Absences during Feb. break high, Costing LISD $229,160+

Four Points News sought a public information request to Leander ISD for the date to compile this chart. The data includes the eight LISD schools in the Four Points area.

Four Points News

Student absences in the days surrounding “February Break” 2017 cost Leander ISD more than an estimated $229,160 and student absences in Four Points made up more than $64,000 of the total.

The total was actually higher but this report just examines the two days closest to the student holiday, which was Feb. 6 – 7 when teachers took part in staff development.

Student absences cost LISD an estimated $115,760 on Friday, Feb. 3 leading up to the break and $113,400 on Wednesday, Feb. 8 after the official student break ended.

LISD schools in Four Points — Steiner Ranch, Laura W. Bush, River Ridge, River Place and Grandview Hills elementary schools, Canyon Ridge and Four Points middle schools and Vandegrift High School — contributed to that total by an estimated $32,440 on Friday, Feb. 3 and $31,720 on Wednesday, Feb. 8, for a total of $64,160.

The 2017 monetary impact on LISD is derived from the number of absences multiplied by $40 per student, which is the calculation of impact on one child absence.

“Since school funding is tied to ADA (Average Daily Attendance), each day that a student misses costs the district approximately $40 in funding. Loss of funds can affect many areas and programs that already feel the strain of tight budgets,” said Terry Abbott, LISD chief communications officer.

This year’s ADA is up from $36.72/student in 2014 and $39.30/student in 2016.

On an average school day in 2017, some 3.5 percent of students, or 1,363, are absent across the entire district of 38,261 students.

In Four Points this year, there are 7,990 students enrolled and the average school day absences run at 3.3 percent, or 260, which is slightly lower than LISD as a whole.

But during the two days surrounding the February student holiday this year, absences increased to 10 percent in Four Points schools with 811 absences recorded on Feb. 3 and 793 recorded on Feb. 8.

The district-wide numbers of student absences are closer to 7.5 percent, with 2,894 absent on Feb. 3 and 2,835 absent on Feb. 8 this year.

More students were absent from Four Points area schools compared to district-wide numbers.

This was the case in 2016 as well where Four Points schools ended up between 10.4 percent and 11 percent of absences in the Friday and Wednesday surrounding “February Break” compared to LISD’s 7 percent and 6.85 percent on the respective days.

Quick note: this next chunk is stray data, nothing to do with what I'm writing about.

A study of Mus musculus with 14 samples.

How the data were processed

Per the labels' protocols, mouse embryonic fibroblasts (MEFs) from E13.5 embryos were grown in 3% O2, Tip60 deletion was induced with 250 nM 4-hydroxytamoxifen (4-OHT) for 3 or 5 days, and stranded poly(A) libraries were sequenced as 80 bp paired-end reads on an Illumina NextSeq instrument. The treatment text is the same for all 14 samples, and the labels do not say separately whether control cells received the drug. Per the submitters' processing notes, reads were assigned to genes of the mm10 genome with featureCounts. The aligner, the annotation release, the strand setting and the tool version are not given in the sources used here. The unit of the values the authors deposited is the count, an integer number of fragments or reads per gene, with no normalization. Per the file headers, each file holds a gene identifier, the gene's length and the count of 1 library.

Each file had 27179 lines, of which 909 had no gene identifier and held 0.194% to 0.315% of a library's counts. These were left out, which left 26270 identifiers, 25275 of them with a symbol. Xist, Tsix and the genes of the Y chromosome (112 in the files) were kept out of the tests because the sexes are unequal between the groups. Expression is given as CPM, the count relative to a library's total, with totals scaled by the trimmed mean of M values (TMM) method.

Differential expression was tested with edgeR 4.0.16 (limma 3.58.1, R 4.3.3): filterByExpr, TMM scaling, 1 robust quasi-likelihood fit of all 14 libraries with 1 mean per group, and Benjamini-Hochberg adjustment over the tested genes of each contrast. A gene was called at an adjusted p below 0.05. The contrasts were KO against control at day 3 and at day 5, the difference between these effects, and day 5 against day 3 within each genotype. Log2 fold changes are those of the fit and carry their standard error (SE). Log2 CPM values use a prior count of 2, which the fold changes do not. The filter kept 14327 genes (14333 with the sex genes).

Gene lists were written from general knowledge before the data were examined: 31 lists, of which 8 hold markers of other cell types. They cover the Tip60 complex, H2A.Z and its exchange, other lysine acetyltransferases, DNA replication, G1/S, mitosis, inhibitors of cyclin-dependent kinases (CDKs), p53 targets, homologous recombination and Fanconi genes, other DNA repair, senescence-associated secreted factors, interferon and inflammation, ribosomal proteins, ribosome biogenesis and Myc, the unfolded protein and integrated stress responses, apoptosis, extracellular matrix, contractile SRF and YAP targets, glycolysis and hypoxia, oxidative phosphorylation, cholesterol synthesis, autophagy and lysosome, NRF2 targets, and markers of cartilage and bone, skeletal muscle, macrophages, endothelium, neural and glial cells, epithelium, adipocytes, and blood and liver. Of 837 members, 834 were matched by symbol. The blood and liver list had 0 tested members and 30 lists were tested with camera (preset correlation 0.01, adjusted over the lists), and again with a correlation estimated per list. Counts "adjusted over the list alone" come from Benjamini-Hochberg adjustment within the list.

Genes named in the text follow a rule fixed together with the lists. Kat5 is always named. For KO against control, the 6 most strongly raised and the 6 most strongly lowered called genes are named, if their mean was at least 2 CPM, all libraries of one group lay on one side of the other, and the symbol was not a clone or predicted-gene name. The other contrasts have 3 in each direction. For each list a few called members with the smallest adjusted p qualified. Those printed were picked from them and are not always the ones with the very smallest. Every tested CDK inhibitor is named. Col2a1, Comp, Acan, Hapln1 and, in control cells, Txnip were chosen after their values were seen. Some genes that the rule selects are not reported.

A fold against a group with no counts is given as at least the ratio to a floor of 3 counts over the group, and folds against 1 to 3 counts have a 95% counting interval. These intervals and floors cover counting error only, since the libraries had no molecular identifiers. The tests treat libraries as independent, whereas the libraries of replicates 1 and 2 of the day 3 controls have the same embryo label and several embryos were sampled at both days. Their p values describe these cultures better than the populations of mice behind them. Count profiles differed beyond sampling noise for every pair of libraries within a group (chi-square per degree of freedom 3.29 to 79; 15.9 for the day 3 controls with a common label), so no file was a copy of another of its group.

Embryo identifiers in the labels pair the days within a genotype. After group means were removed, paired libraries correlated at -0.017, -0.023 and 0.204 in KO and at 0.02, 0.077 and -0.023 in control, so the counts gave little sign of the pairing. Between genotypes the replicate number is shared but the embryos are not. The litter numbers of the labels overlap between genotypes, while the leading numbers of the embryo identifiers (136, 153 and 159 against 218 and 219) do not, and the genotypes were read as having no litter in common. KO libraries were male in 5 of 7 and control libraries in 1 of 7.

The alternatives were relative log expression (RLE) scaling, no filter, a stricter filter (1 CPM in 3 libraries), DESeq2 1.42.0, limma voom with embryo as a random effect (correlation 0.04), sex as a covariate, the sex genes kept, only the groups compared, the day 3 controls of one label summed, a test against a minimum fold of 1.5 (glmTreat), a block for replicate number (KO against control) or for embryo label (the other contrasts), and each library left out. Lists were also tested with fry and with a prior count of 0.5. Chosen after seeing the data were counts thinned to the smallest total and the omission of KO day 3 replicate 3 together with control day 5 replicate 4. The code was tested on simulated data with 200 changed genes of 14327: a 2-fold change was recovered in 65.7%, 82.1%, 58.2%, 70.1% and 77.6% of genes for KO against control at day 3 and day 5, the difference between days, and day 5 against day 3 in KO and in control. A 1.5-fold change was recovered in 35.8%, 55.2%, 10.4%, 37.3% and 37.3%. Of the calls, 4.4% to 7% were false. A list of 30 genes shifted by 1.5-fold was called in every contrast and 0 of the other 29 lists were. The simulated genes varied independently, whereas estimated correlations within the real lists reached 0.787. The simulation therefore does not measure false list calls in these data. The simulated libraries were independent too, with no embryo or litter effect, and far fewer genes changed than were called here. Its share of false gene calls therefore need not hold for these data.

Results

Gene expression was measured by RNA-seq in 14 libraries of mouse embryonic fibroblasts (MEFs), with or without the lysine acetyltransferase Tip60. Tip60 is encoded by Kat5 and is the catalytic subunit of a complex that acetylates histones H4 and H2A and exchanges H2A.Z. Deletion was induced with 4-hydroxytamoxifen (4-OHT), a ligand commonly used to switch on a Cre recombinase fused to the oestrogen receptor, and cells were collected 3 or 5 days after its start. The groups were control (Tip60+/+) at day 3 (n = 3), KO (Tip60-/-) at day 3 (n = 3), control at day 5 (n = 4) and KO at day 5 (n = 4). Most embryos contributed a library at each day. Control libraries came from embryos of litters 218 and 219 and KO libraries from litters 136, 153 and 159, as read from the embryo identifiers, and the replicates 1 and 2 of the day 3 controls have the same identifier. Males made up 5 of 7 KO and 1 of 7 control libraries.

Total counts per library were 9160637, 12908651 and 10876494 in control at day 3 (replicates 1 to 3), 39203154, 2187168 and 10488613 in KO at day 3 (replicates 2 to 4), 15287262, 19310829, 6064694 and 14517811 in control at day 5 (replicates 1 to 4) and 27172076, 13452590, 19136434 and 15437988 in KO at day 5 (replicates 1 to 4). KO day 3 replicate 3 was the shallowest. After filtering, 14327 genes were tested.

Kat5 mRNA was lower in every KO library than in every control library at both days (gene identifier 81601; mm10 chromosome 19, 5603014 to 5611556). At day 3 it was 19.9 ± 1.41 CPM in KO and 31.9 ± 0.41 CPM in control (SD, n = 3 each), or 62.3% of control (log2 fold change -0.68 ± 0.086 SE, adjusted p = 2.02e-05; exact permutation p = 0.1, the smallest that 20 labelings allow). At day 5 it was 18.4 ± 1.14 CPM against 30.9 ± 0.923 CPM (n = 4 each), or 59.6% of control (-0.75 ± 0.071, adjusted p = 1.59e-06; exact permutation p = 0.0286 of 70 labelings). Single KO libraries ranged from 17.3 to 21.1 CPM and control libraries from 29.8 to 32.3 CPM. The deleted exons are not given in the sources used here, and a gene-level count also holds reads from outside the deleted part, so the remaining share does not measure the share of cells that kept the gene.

A large portion of these absences are unexcused. “February Break” has been on the LISD calendar for years and used to include one more day off for the students, and therefore many LISD families have planned trips during the break including big trips like ski trips and cruises. The LISD calendar for next school year does not have a “February Break” because the staff development has been moved to different dates.

For years, this student holiday in February has cost the district money because of the extra days students are gone surrounding the break. But officials say that the loss from student absences goes way beyond money.

Lost learning

Children receive the maximum benefit of education by being in school every day. There are numerous studies that show a strong link between academic performance and consistent attendance. For students, lost instruction time can lead to decreased retention of knowledge and learning at all ages, Abbott said.

“It also becomes a challenge for teachers to help catch students up who have missed school while continuing with the pace and depth of curriculum that has been established,” Abbott said. “While some families may have resources to help their child catch up, others do not and students can fall behind very quickly.”

When students miss a lot of school, they may also lose the connection to their school and peers while feeling lost or out of place, he said.

“Academic achievement can also suffer which can affect a school’s accountability ratings and will further contribute to lower district accountability ratings,” Abbott added.

He said the attendance rate this year is about the same as last year overall.